Retrofitting Bill Clinton

Bill Clinton got me. I’ve got to admit it. I went into his speech at Netroots Nation completely cynical–the only reason I even attended was because I was curious about his motives in being there at all. What was in my head was: “So, what do you want?”

But then he started talking about retrofitting (using words I’ve used in my own head when thinking about this issue, no less). He said we have to focus on the least sexy aspect of environmental reform: energy efficiency. He started talking about the tons of money the Clinton Global Initiative was funneling (or was going to funnel soon) toward energy efficiency retrofits in 40 cities.

He got me. For a split second, he had me wondering if I should go to work for the CGI. And while my innate distrust of a consummate politician led me to tell myself that CGI might be nothing but a lot of flashy images designed to fool me into thinking Bill Clinton was a political superhero, it’s true that Clinton has been doing this work for quite a while, including the heavy lifting of talking to the banks. According to him, he was about to get the banks to finance a *lot* of loans for green retrofitting and energy efficiency–but then the economy collapsed. That’s easy to say–Clinton is good at making excuses–but on the other hand, I’d be willing to cut even Clinton some slack on not being able to persuade the banks to make a lot of loans immediately after last year’s meltdown. The 900-billion dollar question is, can he persuade them now?

At the Clean Energy Summit in Las Vegas the week before, Clinton spoke on this issue (hat tip to the Las Vegas National Review):

“Clinton suggested two solutions [for stimulating the green economy]: Decoupling utility revenues from electricity sales, so that power companies can earn profits even as they sell less electricity; and freeing $520 billion from banks, which, Clinton said, have $900 billion in cash on hand that they have not yet committed to loans.

One innovation that could help unlock those dollars would be a retrofit-loan program similar to the U.S. Small Business Administration’s business-loan guarantees, Clinton suggested. Capitalize it on a ratio of 1 to 10, then that $18 billion in retrofit funds appropriated in the federal stimulus bill becomes $180 billion with loan programs.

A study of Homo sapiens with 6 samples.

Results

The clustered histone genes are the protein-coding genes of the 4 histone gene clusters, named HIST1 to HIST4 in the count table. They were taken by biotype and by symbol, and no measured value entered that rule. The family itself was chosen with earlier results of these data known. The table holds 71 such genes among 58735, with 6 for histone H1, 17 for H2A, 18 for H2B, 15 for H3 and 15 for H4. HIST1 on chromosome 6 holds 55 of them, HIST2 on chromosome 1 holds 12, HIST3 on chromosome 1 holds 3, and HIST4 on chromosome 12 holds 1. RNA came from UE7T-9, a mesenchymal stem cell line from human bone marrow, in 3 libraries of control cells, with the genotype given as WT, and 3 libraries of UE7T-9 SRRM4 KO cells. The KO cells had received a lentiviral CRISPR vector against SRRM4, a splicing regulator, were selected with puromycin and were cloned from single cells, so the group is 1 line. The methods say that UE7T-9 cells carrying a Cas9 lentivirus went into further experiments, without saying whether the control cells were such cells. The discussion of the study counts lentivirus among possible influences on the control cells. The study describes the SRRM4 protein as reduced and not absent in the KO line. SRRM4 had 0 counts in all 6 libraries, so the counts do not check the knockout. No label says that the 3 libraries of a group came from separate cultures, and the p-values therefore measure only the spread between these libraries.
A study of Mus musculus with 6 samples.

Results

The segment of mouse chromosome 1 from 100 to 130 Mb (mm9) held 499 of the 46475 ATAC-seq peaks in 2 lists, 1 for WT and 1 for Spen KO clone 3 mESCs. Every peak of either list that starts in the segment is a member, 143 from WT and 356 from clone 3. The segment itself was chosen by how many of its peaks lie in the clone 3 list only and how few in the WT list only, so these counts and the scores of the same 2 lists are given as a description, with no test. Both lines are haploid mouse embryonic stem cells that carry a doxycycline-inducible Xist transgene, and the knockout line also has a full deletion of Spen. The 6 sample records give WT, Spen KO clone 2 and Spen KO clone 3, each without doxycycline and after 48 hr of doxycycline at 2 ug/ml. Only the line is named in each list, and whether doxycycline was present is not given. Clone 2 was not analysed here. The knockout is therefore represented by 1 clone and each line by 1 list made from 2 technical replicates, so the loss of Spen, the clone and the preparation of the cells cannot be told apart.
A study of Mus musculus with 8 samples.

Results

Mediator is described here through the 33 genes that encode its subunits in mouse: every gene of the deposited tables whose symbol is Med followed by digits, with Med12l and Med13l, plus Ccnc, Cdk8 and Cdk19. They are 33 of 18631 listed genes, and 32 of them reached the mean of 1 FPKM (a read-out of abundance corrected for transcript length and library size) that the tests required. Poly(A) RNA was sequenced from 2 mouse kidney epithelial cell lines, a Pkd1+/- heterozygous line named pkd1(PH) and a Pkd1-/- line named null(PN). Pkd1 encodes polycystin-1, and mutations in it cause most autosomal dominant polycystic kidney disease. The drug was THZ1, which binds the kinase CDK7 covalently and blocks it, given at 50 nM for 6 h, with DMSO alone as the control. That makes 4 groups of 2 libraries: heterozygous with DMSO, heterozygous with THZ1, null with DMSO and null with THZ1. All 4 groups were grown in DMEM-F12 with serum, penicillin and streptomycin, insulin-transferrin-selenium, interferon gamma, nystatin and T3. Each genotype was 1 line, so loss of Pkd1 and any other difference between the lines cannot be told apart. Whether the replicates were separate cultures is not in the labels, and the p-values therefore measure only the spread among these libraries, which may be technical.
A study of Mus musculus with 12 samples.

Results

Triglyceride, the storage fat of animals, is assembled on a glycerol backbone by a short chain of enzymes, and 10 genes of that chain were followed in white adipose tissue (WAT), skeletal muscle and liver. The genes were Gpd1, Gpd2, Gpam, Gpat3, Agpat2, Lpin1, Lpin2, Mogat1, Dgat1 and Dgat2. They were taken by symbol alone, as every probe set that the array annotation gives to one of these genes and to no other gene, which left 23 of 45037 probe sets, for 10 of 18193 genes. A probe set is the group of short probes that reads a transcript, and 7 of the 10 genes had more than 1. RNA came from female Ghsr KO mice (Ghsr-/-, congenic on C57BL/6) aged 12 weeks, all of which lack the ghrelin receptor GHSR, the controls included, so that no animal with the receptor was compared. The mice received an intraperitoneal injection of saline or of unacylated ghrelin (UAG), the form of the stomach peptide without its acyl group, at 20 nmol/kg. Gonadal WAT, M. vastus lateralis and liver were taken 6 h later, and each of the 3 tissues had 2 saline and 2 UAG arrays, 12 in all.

`You’ve got to get the banks involved in this if you want to quit piddling around,’ he said. `We don’t need 625,000 jobs gradually built over 10 years. We need 3 million jobs today.'”

True dat, Mr. President. Can you use your rightly vaunted charisma effectively toward that end? Does it work as well on financiers as it does on a workaday progressive activist with an efficiency fetish?

Until further notice, I am remaining skeptically optimistic.

-Bronwyn


  1. sunshine on

    Gentlemen, we can rebuild him. We have the technology. Better, stronger, faster, monogamous.

    • Bronwyn on

      ROTFL!!!

  2. Chris on

    “According to him, he was about to get the banks to finance a *lot* of loans for green retrofitting and energy efficiency–but then the economy collapsed.”

    A problem in the non-profit world is that donors, even big time donors, withdraw or put on hold funding projects when stocks take a hit. They only dedicate around 5% of their resources to funding and the rest is invested in moderately risky mutual funds. The idea is that if they can make 7% return they’ll be solvent forever, but in reality it creates a lot of situations where groups spend time and resources seeking funding that never comes.

    I think Clinton is genuinely dedicated to bringing funding to his projects and he’s as savvy as they come in terms of being aware of this type of pitfall.

    • Bronwyn on

      “The idea is that if they can make 7% return they’ll be solvent forever, but in reality it creates a lot of situations where groups spend time and resources seeking funding that never comes.”

      That’s certainly true. And I’m willing to give Clinton the benefit of the doubt as you do. Like I said, the real question is: Can Clinton actually do it? Can he get the banks to loan money to these projects?

      Personally, I think such loans should have been the major string attached to the TARP funds–if you want a ton of taxpayer money to bail you out, you need to extend credit to the citizens and companies that are actually doing concrete work on energy efficiency–but then I think we should have a new WPA of retrofitters and energy efficiency experts (and maybe some green builders and deconstructors) descending on our cities. But who listens to me? {INSERT Miracle Max voice} “Why don’t you just give me a nice paper cut and pour lemon juice on it?”